Sunday, February 26, 2006

A man we could do without

The Business has managed a singular achievement today in recruiting an American writer, James Forsyth who, in writing about Jack Straw and his wholly malevolent role in the Iran crisis, seems to display some understanding of British politics.

The piece, entitled The Straw that won’t break Tehran’s back, argues that, to stop Iran from developing nuclear weapons, the West must convince the authorities in Tehran that it is prepared to use force.

But, writes Forsyth, one politician keeps getting in the way of this strategy and making it seem that force would never be even an option: Jack Straw, the UK Foreign Secretary, whose words keep reassuring the Iranians that they can do whatever they want.

The thesis, which suggests that Straw is playing to the anti-war elements in his own party, and his shrinking support in his own constituency, is well argued and convincing, and well worth a read.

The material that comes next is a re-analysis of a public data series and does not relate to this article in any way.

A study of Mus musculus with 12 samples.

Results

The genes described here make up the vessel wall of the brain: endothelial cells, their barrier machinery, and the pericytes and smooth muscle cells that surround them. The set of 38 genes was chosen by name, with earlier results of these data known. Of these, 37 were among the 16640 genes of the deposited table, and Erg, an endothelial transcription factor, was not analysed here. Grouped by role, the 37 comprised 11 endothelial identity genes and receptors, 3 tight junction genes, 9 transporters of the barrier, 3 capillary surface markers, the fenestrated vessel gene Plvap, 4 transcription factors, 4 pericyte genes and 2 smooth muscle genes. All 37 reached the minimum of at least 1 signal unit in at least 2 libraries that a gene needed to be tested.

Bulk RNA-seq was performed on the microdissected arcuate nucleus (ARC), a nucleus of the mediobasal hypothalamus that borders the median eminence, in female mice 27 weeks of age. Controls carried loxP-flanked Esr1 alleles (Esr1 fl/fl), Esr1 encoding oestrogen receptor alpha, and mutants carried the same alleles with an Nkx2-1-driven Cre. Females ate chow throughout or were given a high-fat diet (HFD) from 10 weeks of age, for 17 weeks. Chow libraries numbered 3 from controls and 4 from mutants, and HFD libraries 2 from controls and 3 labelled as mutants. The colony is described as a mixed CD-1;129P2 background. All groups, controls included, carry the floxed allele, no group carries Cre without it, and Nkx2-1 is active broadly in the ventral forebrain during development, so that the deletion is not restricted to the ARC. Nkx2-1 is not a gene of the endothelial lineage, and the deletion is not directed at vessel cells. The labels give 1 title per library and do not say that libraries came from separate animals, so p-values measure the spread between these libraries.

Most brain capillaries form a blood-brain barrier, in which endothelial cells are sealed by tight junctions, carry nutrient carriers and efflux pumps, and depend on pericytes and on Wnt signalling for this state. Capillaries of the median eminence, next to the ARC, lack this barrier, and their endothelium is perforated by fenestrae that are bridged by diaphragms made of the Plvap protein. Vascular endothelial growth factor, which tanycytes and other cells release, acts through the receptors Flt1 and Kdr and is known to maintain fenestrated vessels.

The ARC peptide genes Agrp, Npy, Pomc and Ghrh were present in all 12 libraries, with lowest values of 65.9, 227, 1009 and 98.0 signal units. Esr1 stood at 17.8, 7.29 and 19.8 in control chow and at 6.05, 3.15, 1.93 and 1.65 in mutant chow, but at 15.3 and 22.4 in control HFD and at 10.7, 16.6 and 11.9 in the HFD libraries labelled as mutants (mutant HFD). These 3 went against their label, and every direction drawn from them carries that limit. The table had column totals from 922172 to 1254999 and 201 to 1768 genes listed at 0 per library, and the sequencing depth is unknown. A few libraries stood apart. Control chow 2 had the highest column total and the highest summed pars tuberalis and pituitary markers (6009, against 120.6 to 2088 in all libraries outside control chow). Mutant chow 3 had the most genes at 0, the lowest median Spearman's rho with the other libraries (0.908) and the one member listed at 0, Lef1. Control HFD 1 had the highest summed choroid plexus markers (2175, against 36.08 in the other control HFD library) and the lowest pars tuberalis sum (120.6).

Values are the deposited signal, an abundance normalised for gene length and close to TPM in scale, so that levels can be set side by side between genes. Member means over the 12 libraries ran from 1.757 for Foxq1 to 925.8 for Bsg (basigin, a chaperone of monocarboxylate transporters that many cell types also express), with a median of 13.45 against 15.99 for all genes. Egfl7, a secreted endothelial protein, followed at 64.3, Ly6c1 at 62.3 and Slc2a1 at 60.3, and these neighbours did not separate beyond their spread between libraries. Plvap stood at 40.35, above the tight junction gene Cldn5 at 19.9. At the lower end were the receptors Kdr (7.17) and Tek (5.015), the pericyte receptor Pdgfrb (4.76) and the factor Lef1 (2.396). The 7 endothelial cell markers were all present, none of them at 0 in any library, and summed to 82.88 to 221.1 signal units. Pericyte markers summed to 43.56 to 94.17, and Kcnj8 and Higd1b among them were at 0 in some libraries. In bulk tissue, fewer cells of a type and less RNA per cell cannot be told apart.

In addition, it is also worth remembering that Straw is a man who, at best, can be described as having very poor judgement, viz his recent visit to Tehran. It was while there that he shook warmly by the hand Esfandiar Rahim Masha'ie (pictured), otherwise known as “the Butcher”, for the cruelty he exhibited in Tonekabon in the 1980s.

Forsyth suggests that Blair should reshuffle Straw at the earliest opportunity. Until he is removed from the foreign office, it will be impossible to persuade Iran president Ahmadinejad that the West is serious about him acquiring the bomb, thereby making armed intervention more likely.

That is too kind a fate for Straw, but at least it would be a start. He is truly a man we could do without.


No comments:

Post a Comment

Note: only a member of this blog may post a comment.